Sunday, October 24, 2010

An American Tragedy?

If life was as well-scripted as the usual "reality" show, then Eric LeGrand's teammates would have delivered their fallen brother the best feel-good gift he could hope to receive in what has most certainly been the longest week of his young life. However, because there "ain't no storybook story", Rutgers watched a 14-14 halftime tie on the road at Pittsburgh disintegrate into a 20-point defeat at the hands of the Panthers. His teammates do not play again until November 3rd. Here is to hoping that the next time they take the field produces better news to report. More importantly though is the hope that between now and then, good news emanates from LeGrand's hospital room at Hackensack University Medical Center. In case you missed it, Rutgers has established the "Eric LeGrand Believe Fund" to help raise money for the medical treatment he is going to need and which is going to be very expensive.

Who knows where the 2010 Rutgers football season goes from here. While one hopes that the team continues to play relatively well and finds itself playing in a bowl game come December, among the many uncertainties in this life is the manner in which this season shall play itself out. If good guys do indeed get to finish somewhere other than last, then Coach Schiano and his kids will have success the rest of the way.

Their season at least remains a work in progress. Driving to the office on Saturday morning, I thought that not only had the 2010 season ended for the Yankees the night before in Texas but that the players had all been kidnapped into a Central American slavery ring or some such thing judging by the comments of the callers to WFAN. Note to my fellow Yankees fans: they lost a playoff series. Nothing more. Nothing less. Get over it. No one died. A baseball team lost a game. Be honest and admit that but for a five-run eighth inning in Game One, the series they lost in six games would have been over in four.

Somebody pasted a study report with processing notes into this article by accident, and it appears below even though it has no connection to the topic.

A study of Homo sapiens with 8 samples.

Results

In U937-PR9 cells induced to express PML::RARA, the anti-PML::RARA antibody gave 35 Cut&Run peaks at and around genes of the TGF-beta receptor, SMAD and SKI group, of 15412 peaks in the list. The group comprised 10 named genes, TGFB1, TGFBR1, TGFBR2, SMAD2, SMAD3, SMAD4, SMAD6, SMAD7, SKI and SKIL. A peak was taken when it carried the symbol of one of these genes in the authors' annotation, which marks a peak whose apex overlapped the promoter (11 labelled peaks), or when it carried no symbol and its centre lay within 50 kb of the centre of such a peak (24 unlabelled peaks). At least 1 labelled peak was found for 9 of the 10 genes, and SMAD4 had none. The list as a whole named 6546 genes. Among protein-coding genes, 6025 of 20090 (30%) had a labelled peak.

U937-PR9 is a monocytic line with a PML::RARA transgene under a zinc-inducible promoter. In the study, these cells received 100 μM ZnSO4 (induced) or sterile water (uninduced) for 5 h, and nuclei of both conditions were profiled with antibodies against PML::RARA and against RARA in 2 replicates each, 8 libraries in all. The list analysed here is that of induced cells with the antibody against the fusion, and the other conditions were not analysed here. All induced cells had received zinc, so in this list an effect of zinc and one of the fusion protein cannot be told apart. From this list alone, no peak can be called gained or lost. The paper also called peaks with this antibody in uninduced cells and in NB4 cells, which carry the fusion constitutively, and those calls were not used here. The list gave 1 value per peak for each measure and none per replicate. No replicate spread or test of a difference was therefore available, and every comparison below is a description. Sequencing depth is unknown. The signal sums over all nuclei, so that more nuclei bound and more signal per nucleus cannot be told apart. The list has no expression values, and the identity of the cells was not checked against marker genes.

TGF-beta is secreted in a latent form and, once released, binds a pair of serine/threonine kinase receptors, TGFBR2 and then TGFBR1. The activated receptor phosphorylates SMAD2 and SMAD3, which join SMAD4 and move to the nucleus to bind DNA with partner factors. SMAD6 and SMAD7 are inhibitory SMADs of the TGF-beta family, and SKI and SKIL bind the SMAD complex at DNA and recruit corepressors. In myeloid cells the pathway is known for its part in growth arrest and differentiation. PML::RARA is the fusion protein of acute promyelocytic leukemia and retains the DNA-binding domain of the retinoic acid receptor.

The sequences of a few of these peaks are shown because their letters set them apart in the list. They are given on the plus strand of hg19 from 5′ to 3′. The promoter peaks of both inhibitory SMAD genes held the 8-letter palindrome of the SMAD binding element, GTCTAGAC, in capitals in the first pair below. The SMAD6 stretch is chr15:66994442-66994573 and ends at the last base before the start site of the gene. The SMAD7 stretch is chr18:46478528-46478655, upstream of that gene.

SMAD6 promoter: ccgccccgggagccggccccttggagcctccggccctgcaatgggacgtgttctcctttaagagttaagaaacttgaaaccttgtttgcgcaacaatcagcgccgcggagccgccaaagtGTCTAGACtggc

I enjoy rooting for the Yankees. Last November Margaret and I had a blast in the cold environs known as the Canyon of Heroes lending our voices to the hundreds of thousands of others who celebrated the 28th World Series title that Matsui, Damon and the rest of the Yankees captured last year. Was I happy to watch their season end as it did this year - with Alex Rodriguez staring at a called third strike as the Texas home crowd exploded in joy? Of course not - although I must confess that his recognition of the fact that having the ALCS end with him making the final out probably made the victory that much sweeter for the Rangers fans revealed a level of self-awareness that I did not realize A-Rod possessed. Their loss did not materially impact my life. Did I mention that I was listening to the anguished cries of other Yankees fans on WFAN as I headed to the office on Saturday morning? Whether they win the World Series or not, the mortgage at my house still needs to get paid.

As I suspect it needs to be paid at your house and at the houses of all of the other well-meaning but overwrought folks who called an overnight sports talk radio host as if he is their only lifeline in the wee small hours of Saturday morning. It will all be OK folks. Breathe deep. If the worst thing that happens to you this year - or any year for that matter - is that the baseball team you cheer for disappoints you by not doing as well as you had hoped, then you are having a pretty good year.

Even if it takes a moment or two for you to realize it.